The Undoing Project by Michael Lewis
What’s it about?
This non-fiction book is equally about the origins of Behavioral Economics and the unique partnership and friendship between Israeli psychologists Amos Tversky and Daniel Kahneman.
What did it make me think about?
This book emphasized how rare and difficult true partnerships are. It also shed light on how we make decisions. A early tidbit of what was discussed, "In some strange way people, at least when they are judging other people, saw what they expected to see and were slow to see what they hadn't seen before." How would your decision making change if you were more aware of this? Apparently not too much, "Simply knowing a bias wasn't sufficient to overcome it:". So even being aware that we see something a certain way, can not stop us from doing it.
Should I read it?
If you are interested in human behavior then this book is enormously interesting. Having said that, I did feel like behavioral economics is still just touching the iceberg of human decision making, so you may come away from this book feeling vaguely unfulfilled.
"Shore asked him how he became a psychologist. 'It's hard to know how people select a course in life,' Amos said. 'The big choices we make our practically random. The small "choices probably talk more about who we are. Which field we go into may depend on which high school teacher we happen to meet. Who we marry may depend on who happens to be around at the right time of life. On the other hand, the small decisions are very systemic. That I became a psychologist is probably not very revealing. What kind of psychologist I am may reveal deep traits.'"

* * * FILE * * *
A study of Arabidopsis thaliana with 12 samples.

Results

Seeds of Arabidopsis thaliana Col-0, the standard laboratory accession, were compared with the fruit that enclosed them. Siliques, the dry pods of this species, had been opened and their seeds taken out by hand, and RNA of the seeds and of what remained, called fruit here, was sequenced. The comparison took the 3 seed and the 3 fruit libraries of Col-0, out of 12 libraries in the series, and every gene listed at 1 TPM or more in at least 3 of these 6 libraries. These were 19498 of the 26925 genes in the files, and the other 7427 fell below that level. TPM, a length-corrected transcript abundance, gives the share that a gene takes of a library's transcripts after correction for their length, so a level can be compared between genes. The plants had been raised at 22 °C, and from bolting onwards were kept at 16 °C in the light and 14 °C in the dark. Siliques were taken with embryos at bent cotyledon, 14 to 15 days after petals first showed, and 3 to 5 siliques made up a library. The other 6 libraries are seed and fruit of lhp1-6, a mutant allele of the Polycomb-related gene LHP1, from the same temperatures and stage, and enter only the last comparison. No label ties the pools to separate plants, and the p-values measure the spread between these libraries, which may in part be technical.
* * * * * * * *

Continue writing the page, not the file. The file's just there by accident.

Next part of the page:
If you like this try-
Ghettoside by Jill Leovy
The Sixth Extinction by Elizabeth Kolbert
Think Like a Freak by Stephen Leavitt
some favorites of the last decade
best of winter 2020
best of summer/fall 2019
best of winter/spring 2019
best of summer/ fall 2018
best of winter/spring 2017-18
best of spring/summer 2017
best of winter
best of summer 2014
last spring favorites
on my nightstand
edge of your seat
― Charles William Eliot
3 to 4- I found some aspect of this book redeeming but would not recommend it.
5 to 6- I really enjoyed something about this book (characters, plot, meaning etc.) but it was uneven. Some aspects were stronger than others.
7 to 8- It was a good book. I liked lots of aspects of this book. I would recommend it.
9 to 10- I was sorry to turn the last page. I highly recommend this book!